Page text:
Guest Speaker: J. Robert Harris, March 28, 2018

Trail Talk from an ‘Old Dirt Kicker’

J.R. Harris is a well-known explorer and the author of “Way Out There: Adventures of a Wilderness Trekker”. From his origins in New York City, J.R. has roamed, mostly alone and unsupported, from Arctic Alaska to the Australian Outback, from Patagonia to the Pyrenees, and across the many “lands” (Greenland, Lapland, Iceland, Newfoundland, and New Zealand) for more than 50 years. He is particularly committed to encouraging everyone, especially young people and people of color, to experience the benefits that come from being in the great outdoors and to support and protect our natural environments.

Book cover "Way Out There" by J. Robert Harris
J. Robert Harris

J.R. Harris has planned a lively presentation enhanced with numerous images to illustrate the “top ten” topics his audiences are most curious about regarding wilderness travel, sharing his lessons learned along the way. He will address each topic, such as planning, wildlife, fear, being alone, and fitness, within the context of one of his many extraordinary journeys.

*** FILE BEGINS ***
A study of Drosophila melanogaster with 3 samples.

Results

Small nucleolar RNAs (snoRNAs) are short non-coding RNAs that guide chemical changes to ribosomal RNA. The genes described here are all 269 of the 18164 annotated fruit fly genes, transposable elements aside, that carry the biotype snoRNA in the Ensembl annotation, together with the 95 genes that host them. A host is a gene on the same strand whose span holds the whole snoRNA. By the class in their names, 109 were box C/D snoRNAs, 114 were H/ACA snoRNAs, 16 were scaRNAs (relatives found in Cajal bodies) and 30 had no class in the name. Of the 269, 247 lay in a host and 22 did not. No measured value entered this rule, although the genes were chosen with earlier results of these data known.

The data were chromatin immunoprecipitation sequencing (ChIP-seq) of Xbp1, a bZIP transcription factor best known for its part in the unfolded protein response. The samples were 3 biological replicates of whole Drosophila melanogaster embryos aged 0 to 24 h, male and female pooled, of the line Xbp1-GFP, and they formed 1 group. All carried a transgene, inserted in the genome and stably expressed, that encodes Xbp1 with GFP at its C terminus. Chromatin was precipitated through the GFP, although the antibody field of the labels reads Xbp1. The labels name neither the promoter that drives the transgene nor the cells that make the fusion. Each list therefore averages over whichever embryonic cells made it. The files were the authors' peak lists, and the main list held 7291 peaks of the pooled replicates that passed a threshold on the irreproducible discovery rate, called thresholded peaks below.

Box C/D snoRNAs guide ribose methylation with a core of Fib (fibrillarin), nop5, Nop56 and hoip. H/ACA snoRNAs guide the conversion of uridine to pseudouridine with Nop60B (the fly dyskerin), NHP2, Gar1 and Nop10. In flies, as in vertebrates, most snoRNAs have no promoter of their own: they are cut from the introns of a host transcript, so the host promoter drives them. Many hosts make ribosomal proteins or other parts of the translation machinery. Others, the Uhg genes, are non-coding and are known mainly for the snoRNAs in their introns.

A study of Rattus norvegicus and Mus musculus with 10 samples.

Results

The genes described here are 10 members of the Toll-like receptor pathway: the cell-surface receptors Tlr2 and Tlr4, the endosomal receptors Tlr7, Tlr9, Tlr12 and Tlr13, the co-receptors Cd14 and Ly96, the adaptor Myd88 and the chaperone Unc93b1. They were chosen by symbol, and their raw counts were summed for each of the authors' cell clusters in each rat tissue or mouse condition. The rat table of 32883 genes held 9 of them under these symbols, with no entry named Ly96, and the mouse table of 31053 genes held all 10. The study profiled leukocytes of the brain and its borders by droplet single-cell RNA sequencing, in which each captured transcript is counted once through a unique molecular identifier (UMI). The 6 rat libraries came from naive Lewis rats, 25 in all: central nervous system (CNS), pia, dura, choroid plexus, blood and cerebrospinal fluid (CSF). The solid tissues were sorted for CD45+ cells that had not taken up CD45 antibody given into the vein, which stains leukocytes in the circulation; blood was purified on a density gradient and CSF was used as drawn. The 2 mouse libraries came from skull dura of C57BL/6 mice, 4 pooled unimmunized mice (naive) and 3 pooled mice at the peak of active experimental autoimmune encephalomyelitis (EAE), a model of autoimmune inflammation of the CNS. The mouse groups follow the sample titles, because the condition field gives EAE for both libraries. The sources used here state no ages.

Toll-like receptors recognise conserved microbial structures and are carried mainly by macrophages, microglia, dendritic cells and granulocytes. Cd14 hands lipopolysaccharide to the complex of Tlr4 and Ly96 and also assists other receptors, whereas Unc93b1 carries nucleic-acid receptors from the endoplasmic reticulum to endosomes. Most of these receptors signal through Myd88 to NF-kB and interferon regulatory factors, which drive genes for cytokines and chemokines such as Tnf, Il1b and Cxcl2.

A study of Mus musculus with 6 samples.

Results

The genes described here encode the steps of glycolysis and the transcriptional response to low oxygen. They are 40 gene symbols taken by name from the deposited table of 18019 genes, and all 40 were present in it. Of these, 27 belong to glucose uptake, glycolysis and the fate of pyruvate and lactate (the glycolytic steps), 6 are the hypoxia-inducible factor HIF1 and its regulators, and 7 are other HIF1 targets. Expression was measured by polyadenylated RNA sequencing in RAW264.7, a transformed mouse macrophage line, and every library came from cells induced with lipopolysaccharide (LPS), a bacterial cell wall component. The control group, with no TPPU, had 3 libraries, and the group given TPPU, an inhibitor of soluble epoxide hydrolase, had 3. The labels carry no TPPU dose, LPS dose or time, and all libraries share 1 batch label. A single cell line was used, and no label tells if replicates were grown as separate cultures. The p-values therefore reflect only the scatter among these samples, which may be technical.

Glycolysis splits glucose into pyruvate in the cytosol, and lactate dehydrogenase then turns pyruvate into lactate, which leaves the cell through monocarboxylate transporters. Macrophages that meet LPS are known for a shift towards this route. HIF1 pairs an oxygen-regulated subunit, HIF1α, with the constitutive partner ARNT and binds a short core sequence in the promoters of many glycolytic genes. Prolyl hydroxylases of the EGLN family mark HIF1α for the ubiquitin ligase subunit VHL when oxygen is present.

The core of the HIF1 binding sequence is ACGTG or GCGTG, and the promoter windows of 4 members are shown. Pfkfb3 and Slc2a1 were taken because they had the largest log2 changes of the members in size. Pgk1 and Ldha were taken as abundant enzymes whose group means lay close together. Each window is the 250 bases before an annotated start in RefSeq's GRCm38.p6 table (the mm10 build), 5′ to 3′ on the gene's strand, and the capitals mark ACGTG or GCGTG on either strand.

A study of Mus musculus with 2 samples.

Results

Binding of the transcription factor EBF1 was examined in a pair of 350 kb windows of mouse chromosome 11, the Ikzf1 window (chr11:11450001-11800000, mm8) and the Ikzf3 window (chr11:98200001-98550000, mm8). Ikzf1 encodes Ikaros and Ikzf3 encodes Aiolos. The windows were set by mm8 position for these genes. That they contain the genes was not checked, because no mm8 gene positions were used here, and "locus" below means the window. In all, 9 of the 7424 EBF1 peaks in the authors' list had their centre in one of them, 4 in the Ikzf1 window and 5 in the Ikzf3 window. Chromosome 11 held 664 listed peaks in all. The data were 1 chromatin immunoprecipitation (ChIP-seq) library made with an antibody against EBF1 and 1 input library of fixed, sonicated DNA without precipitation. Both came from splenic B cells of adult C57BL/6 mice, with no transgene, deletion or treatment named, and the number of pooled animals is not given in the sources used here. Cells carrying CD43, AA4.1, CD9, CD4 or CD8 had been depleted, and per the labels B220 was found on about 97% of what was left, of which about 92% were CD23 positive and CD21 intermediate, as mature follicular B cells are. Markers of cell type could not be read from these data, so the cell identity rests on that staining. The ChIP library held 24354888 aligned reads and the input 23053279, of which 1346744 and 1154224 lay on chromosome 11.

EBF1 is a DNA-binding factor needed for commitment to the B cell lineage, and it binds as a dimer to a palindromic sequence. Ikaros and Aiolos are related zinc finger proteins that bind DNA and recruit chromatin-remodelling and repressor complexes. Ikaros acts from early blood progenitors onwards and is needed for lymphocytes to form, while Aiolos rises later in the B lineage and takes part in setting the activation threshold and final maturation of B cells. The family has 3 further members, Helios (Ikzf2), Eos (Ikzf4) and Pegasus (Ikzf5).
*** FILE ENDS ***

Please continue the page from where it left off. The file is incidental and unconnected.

See some amazing images and learn more about J.R. at www.jrinthewilderness.com.

Photo of explorer and Author J. Robert Harris standing in mountain landscape
J. Robert Harris

Event Details

March 28, 2018 — 6:30 pm
Doors Open at 6:00 pm

Our meetings are held at The Metropolitan Opera Guild Learning Center, on the 6th floor of the Samuel B. and David Rose Building at Lincoln Center. The address is 70 Lincoln Center Plaza, located at 165 West 65 Street, on the north side of West 65th Street, between Broadway and Amsterdam, closer to Amsterdam. (Google Map link) From the street level, take the elevator or escalator up one level and proceed through the revolving doors into the lobby of the Rose Building to get the elevator up to the 6th floor. Suggested donation: $7.00

Lincoln Center is well served by public transportation—Subway: the #1 Local train stops at 66th Street/Lincoln Center Station; Buses: M5, M7, M10, M66, and M104 all stop within one block of Lincoln Center.